ULTRASOUND-GUIDED SELECTIVE BLOCK OF THE UPPER TRUNK OF THE BRACHIAL PLEXUS.
DESCRIPTION OF A NEW APPROACH
Leonardo Henrique Cunha Ferraro, Ph D; Thiago Nouer, MD; Rioko Sakata; Ph D
Division of Anesthesiology, Pain and Intensive Care, Federal University of São Paulo, Brazil
Interscalene brachial plexus block is the most commonly performed regional anesthesia technique to promote analgesia for shoulder surgeries. However, this technique is associated with close to 100% incidence of hemidiaphragmatic paresis due to phrenic nerve block, being contraindicated in patients with limited pulmonary reserve. Low volumes of local anesthetics were used to decrease the incidence of hemidiaphragmatic paralysis, but did not eliminate the incidence of phrenic nerve block.
Describe a new technique of selective block of upper trunk of brachial plexus to promote shoulder analgesia, without blocking phrenic nerve.
These are preliminary data of case series. Patients scheduled for rotator cuff surgery without cognitive impairment or active psychiatric condition, infection at the puncture site of the blockage, coagulopathy and history of allergy to bupivacaine were eligible to the study.
After signing a consent form, patients received 6 mL of 0,5% bupivacaine under the upper trunk, closed to the suprascapular outlet and below the omohyoid muscle, guided by ultrasound (M-Turbo®, Sonosite, Fujifilm, Bothell, WA, USA).
To perform this new approach, the upper trunk is followed until the supraclavicular region, where it joins the rest of the brachial plexus posterolateral to the subclavian artery. In this area, the identification of suprascapular nerve outlet has been described, detaching itself from the brachial plexus and proceeding posteriorly and deeply to the omohyoid muscle. It is possible to assume that the upper trunk remains intact until the exit of suprascapular nerve.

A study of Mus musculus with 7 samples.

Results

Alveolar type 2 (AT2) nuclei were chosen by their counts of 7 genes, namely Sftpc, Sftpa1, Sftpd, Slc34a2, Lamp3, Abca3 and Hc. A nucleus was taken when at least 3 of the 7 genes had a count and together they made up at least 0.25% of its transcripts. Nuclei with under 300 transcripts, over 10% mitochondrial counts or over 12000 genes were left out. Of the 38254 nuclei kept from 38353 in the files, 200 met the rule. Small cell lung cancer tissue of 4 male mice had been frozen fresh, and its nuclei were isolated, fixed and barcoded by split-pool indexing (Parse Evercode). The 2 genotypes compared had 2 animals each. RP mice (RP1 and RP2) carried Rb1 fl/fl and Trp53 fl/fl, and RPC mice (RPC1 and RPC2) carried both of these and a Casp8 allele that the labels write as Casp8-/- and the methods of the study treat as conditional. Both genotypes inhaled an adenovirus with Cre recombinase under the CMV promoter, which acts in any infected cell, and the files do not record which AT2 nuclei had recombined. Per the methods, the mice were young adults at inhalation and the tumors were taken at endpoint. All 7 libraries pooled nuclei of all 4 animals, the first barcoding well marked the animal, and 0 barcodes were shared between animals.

Successful block was defined as presence of adequate motor block (motor score of ≤ 2 on modified Bromage scale), absent sensation to cold and pinprick sensation within 30 minutes of injection. The muscles tested were: deltoid and biceps; the thermal and painful sensitivities of the C5 and C6 dermatomes were examined.
To evaluate the phrenic nerve, diaphragmatic excursion was assessed by ultrasonography of the ipsilateral hemidiaphragm at the cephalad border of the zone of apposition of the diaphragm to the costal margin between the mid-clavicular and anterior axillary lines. Decrease between 25% and 75% of the diaphragmatic movement was considered paresis and decrease greater than 75% was considered paralysis. Pain scores and analgesic consumption were assessed in the PACU.
Until the present moment, nine patients underwent this new technique. Eight patients underwent arthroscopic surgery. Due to lateral positioning, these patients also received general anesthesia. One patient underwent conventional surgery. For this patient, the surgeon infiltrated 3 mL of lidocaine at the incision site because the incision was performed in the area innervated by the supraclavicular nerve and the procedure was performed only with sedation. All blocks were considered positive. In addition, hemidiaphragmatic movement was not reduced at 30 minutes after the block and 1 and 2 hours after completion of surgery. Surgical procedures were performed uneventfully and no patient reported pain in the PACU.
This case series shows a new selective upper trunk block for analgesia of shoulder surgery. With this approach, it was possible to perform the block more distant in relation to phrenic nerve, avoiding its block. Phrenic nerve blocks did not occurred probably due to the absence of spread of local anesthestic cranio-caudal and anteroposterior that could reach it. Therefore, this new technique promoted analgesia without altering postoperative ventilatory function.